4.1 . Wildlife production
4.2. Harvesting of wildlife

Supplies of bushmeat and other wild animal products on the African continent are derived from four main sources: wild sources, game ranching, game farming and wildlife domestication.

Production from the wild: comprises protected stocks in reserved lands and stocks in unprotected areas. Depending on the population densities and prevailing ecological and political conditions; stocks in protected areas may be culled for consumptive use, while stocks in lands outside protected areas are basically communal property, where there may be little or no control on exploitation, or control may be exercised at the local level either under governmental authority or traditional institutions.

Game ranching: comprises the maintenance of wild animals in defined areas delineated by fences. It is a form of husbandry similar to cattle ranching, the animals are managed on natural vegetation although the habitat may be manipulated to improve production efficiency. The animals on the ranch are the property of the ranch owner for as long as they remain on his ranch. Animals on ranches may be exploited for meat but most ranches aim for the added value of sport/trophy hunting, live animal sales and ecotourism.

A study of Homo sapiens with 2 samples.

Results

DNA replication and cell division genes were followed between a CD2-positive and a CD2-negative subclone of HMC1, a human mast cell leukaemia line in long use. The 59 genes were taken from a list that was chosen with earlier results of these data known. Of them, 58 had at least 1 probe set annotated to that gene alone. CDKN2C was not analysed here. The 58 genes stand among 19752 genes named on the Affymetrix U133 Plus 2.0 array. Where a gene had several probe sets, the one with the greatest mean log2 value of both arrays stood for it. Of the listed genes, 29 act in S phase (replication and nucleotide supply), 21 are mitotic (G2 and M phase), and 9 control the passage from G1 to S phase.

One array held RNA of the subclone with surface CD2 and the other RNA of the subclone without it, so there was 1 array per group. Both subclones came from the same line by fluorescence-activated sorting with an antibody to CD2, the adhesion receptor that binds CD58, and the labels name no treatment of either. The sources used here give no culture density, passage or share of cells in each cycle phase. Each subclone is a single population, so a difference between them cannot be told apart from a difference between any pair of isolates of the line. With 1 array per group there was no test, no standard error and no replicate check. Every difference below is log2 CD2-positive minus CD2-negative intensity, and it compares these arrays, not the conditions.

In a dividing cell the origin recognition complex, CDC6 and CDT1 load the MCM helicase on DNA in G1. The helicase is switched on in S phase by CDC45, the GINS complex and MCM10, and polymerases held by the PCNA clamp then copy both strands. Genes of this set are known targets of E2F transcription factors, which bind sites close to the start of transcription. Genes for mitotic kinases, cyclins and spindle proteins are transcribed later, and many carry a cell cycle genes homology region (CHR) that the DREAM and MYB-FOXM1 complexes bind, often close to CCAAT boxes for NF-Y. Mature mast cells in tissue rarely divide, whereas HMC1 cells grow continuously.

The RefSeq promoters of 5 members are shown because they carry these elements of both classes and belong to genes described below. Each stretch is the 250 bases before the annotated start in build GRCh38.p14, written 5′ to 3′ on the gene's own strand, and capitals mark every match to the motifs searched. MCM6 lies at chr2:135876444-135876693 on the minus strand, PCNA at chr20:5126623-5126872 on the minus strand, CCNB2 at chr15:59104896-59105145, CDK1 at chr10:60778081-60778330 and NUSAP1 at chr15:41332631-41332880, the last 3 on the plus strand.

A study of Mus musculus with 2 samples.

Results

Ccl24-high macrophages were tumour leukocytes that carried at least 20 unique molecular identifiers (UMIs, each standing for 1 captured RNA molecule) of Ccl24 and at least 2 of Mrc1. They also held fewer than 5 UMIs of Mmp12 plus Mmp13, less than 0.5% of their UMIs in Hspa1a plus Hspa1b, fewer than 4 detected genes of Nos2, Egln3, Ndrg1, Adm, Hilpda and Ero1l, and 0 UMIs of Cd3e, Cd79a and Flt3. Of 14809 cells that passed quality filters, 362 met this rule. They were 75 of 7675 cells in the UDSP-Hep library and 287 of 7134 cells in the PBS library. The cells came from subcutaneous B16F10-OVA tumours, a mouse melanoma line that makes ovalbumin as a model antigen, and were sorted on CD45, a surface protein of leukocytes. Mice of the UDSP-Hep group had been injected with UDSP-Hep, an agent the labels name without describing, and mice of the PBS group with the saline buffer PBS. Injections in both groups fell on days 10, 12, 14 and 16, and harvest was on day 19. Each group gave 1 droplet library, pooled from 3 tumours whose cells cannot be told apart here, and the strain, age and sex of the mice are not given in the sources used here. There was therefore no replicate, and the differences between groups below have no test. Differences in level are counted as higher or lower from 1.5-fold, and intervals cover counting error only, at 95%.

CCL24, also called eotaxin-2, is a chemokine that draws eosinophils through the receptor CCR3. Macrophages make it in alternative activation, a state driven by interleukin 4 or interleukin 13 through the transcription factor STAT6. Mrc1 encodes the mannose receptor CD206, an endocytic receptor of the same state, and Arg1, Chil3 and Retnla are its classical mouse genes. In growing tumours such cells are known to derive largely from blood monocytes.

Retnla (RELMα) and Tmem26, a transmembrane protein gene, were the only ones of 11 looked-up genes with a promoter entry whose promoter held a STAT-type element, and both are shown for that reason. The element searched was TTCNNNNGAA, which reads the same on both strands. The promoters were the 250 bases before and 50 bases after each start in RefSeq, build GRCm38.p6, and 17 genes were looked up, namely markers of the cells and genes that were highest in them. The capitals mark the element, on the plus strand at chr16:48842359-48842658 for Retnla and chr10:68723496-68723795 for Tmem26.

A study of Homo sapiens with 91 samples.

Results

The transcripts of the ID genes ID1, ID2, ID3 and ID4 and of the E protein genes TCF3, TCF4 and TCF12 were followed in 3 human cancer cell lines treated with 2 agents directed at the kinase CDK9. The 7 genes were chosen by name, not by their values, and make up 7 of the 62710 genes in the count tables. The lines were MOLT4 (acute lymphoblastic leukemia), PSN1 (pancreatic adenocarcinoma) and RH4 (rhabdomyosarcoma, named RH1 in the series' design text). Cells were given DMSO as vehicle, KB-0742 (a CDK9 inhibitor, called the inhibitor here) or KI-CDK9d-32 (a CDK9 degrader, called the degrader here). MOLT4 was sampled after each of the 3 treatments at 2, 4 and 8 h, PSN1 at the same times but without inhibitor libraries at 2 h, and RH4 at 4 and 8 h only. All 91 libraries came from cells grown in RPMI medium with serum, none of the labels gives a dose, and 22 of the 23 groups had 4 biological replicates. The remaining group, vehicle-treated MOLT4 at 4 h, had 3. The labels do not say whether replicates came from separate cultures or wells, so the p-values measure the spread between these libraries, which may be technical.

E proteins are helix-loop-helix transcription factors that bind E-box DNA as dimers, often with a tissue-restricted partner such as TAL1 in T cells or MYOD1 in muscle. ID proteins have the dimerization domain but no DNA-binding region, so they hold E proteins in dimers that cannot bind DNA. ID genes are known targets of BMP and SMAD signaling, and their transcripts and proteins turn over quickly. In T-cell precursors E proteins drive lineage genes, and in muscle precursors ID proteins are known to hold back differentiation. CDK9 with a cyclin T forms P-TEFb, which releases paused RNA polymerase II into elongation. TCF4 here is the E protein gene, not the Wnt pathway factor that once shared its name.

Game farming: involves the confinement of wild animal species in a semi-domestic state where they are fed and grown to required weights and exploited for consumptive use. The criteria for selecting species for farming include ease of capture, adaptability to domestic conditions. ability to produce marketable meat and/or other desired products within reasonable time. According to Eltrigham (1984), wild animal species that are farmed are no longer truly wild and represent an intermediate stage between wild and domesticated species. Common animals currently farmed include the ostrich, crocodile and various duiker species.

Wild animal domestication: by definition domestication refers to the process which results in genetic adaptation of wild animals to the extent that the animal breeds readily in captivity and its owner has some control over its reproduction. (Eltrigham, 1984; Hudson et al., 1989). The process results in detectable differences between the domestic species and their wild progenitors. By this definition, the fact that a wild animal species is tamed or is raised like conventional livestock does not make the animal domesticated although the process might eventually lead to domestication.